Photo by Bob Farley

Wildflower Procedure

The Florida Department of Transportation (FDOT) enacted its first Wildflower Program procedure in 2004 to prescribe the program’s requirements and responsibilities. In 2014, the Environmental Management Office and Office of Maintenance collaborated on a significant revision that emphasized management practices that sustain planted wildflowers as well as naturally occurring native flora and native plant communities. It also stressed the importance and responsibilities of the Office of Maintenance, including the designation of a Wildflower Coordinator in each FDOT district.

The procedure was revised in November 2016 to emphasize the importance of reduced mowing and use of integrated vegetation management practices. It also recognized the benefit of these management practices to pollinators.

A 2020 revision of the program is under review.

Reduced Mowing

A 2014 report concluded that FDOT could reduce right-of-way (ROW) vegetation management costs by 30% simply by implementing sustainable management practices such as reduced mowing. The report also conservatively estimated that roadside vegetation along the state highway system would provide ecosystem services valued at about $1 billion if such practices were used.

Now-retired State Transportation Landscape Architect Jeff Caster presented the report’s findings at the May 2014 FDOT Executive Workshop. He proposed a 10% reduction in mowing in area and/or frequency, and noted that some rural roadsides could be mowed less without impacting safety or roadway operation (see Case Study: I-10 Madison County). Jeff also pointed out that a 10% reduction in mowing along rural roads (excluding asset maintenance) could reduce the department’s annual expenditures for mowing by more than $1 million.

With the varying roadside conditions, obligations and abilities of each District in mind, then-FDOT Sec. Ananth Prasad challenged Districts to reduce mowing by 10%, suggesting that they work with Jeff Caster to develop strategies and determine candidate sites.

It was agreed that:

  • Each District would develop and implement a plan to reduce mowing area and/or frequency by 10%
  • Roadside conditions would be monitored for two years and plans revised as needed

Using lessons learned, A Guide for Roadside Vegetation Management would be amended.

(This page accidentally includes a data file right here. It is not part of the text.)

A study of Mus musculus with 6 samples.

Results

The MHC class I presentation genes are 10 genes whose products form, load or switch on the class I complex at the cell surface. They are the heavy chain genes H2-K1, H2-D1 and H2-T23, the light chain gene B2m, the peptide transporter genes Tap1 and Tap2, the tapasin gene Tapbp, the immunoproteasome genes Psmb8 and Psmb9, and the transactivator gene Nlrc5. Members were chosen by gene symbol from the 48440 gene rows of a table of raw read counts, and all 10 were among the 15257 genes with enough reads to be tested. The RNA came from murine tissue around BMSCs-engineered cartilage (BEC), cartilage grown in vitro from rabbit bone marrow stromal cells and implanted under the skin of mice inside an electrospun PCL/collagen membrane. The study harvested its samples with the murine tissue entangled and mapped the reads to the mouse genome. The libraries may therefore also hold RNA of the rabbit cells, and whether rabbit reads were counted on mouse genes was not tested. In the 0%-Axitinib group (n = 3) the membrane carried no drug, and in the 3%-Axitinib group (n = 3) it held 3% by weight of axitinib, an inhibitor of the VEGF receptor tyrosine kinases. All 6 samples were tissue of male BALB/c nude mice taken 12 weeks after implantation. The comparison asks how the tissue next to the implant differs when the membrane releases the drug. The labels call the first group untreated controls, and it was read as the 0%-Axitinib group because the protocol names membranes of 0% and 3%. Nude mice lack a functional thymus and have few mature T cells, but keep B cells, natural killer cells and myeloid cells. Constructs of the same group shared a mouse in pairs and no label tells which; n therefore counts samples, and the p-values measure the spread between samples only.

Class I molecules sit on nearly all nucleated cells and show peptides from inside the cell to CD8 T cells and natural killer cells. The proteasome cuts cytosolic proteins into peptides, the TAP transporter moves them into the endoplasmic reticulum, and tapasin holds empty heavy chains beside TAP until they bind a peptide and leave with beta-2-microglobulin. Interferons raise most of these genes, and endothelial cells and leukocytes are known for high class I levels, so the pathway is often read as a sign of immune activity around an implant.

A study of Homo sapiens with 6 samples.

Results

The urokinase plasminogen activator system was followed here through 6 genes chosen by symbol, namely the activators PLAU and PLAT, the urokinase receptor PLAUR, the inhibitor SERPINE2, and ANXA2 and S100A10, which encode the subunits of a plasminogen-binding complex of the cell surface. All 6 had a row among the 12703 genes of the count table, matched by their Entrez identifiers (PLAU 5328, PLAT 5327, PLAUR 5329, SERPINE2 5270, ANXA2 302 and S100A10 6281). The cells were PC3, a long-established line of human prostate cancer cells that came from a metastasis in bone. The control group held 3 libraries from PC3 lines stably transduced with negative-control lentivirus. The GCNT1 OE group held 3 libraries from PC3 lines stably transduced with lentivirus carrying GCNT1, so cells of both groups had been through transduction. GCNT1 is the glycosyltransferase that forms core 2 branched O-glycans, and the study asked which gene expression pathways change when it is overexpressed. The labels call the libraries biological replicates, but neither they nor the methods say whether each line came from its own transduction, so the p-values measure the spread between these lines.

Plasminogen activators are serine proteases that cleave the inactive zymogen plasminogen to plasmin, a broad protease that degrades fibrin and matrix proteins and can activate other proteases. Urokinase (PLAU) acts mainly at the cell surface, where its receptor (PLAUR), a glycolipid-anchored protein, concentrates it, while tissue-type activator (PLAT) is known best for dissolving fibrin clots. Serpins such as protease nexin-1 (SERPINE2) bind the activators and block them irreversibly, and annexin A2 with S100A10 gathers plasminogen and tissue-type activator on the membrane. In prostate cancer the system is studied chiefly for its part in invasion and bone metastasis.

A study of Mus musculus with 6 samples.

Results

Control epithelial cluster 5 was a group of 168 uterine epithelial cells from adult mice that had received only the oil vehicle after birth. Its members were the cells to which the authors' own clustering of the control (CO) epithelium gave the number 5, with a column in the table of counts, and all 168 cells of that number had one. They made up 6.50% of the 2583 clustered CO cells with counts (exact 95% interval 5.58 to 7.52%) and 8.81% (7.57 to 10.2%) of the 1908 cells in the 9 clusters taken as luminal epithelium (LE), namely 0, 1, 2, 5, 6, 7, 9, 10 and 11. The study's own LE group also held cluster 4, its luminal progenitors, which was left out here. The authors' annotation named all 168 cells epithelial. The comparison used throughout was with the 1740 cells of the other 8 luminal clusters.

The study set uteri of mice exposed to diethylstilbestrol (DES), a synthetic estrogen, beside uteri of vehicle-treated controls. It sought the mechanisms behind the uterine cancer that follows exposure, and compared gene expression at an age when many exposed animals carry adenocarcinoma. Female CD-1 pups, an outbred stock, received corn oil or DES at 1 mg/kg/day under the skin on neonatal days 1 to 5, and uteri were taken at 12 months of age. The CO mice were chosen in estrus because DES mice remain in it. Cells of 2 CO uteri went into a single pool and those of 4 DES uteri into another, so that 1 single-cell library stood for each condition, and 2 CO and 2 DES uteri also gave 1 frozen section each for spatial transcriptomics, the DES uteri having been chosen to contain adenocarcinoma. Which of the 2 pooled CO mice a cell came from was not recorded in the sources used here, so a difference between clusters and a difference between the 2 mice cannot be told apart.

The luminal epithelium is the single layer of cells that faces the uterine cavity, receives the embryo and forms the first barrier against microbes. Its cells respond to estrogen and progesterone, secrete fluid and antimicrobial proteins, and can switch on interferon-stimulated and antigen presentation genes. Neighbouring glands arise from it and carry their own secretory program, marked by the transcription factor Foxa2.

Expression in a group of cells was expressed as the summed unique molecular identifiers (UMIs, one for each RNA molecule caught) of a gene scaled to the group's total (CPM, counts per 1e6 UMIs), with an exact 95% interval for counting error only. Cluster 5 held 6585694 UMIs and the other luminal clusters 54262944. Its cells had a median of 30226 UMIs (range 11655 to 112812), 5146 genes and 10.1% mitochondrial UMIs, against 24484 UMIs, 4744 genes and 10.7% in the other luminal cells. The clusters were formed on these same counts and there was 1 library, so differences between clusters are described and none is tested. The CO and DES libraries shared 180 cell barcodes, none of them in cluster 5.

Does Reduced Mowing Affect Safety?

Concerns have been raised that reduced mowing might comprise safety of motorists and roadside maintenance personnel. In 2019, an FDOT consultant performed an exhaustive search of the literature and examined crash reports from 2011 through 2018, the period of greatest roadway mowing reduction in Florida. The results were compiled in the study, Safety Effects of Reduced Mowing.

Issues raised about the impact of reduced mowing on safety issues, for the most part, were not supported by the empirical evidence (data obtained via experimentation or observation, which is then recorded and analyzed). Findings showed:

  • There is limited empirical evidence about negative impacts of reduced mowing on safety.
    • One report noted the rate of spread of fire in the regularly mowed grass of the safety strip would be slower than in the taller grass which is only mowed once per year.
    • There was no evidence that reduced mowing is a safety issue with respect to sight distance or obscured signage. Overgrown roadside vegetation (tree branches, shrubs and tall grass) was implicated as a factor in numerous crashes in Great Britain, but the only reduced vegetation management concern was budget cutbacks with regard to the trimming of tree branches and shrubs. Here in Florida, reduced mowing on state roads has not been implicated in any crash from 2011 to mid-2018 with respect to sight distance or obscured signage.
    • The preponderance of empirical evidence does not support the belief that the likelihood of wildlife-vehicle collisions, especially deer-vehicle collisions, is increased in reduced mowing areas because of increases in palatable native vegetation that attracts wildlife to roadsides.
  • Empirical evidence that reduced mowing improves safety was very limited.

Case Study: I-10, Madison County

Photos by Jeff Norcini

In 2009, a four-year study was initiated in cooperation with the Central Maintenance Office and the District Perry Maintenance Office to evaluate the effects of decreased clear zone mowing to reduce expenses and conserve energy.

Clear zones are relatively flat, unobstructed rights-of-way on the outside of undivided roadways and the inside and outside of divided highways. They provide a safe place for motorists to pull over to regain control of a vehicle during an emergency. Vegetation established in the clear zone is selected and managed to stabilize soil and reduce erosion, thereby providing a safe haven for motorists. FDOT procedures require periodic clear zone mowing to reduce undesirable weed growth and encourage dense turf cover, which in turn stabilizes soil and reduces erosion potential. The test site was a 1-mile segment of Interstate 10 in western Madison County. Only 10- to 15-foot safety strips adjacent to the inside and outside lanes of pavement were mowed normally, and the entire clear zones (36-foot width or greater) were mowed once in the fall. After four years, there were no adverse impacts regarding erosion, safety, aesthetics or turf quality. Moreover, the modified mowing regime enhanced the overall roadside aesthetics in spring, thanks to an increase in the occurrence and density of native wildflowers.

For study details, see Madison County Energy Conservation Study — 2012-2013 Survey of Roadside Vegetation.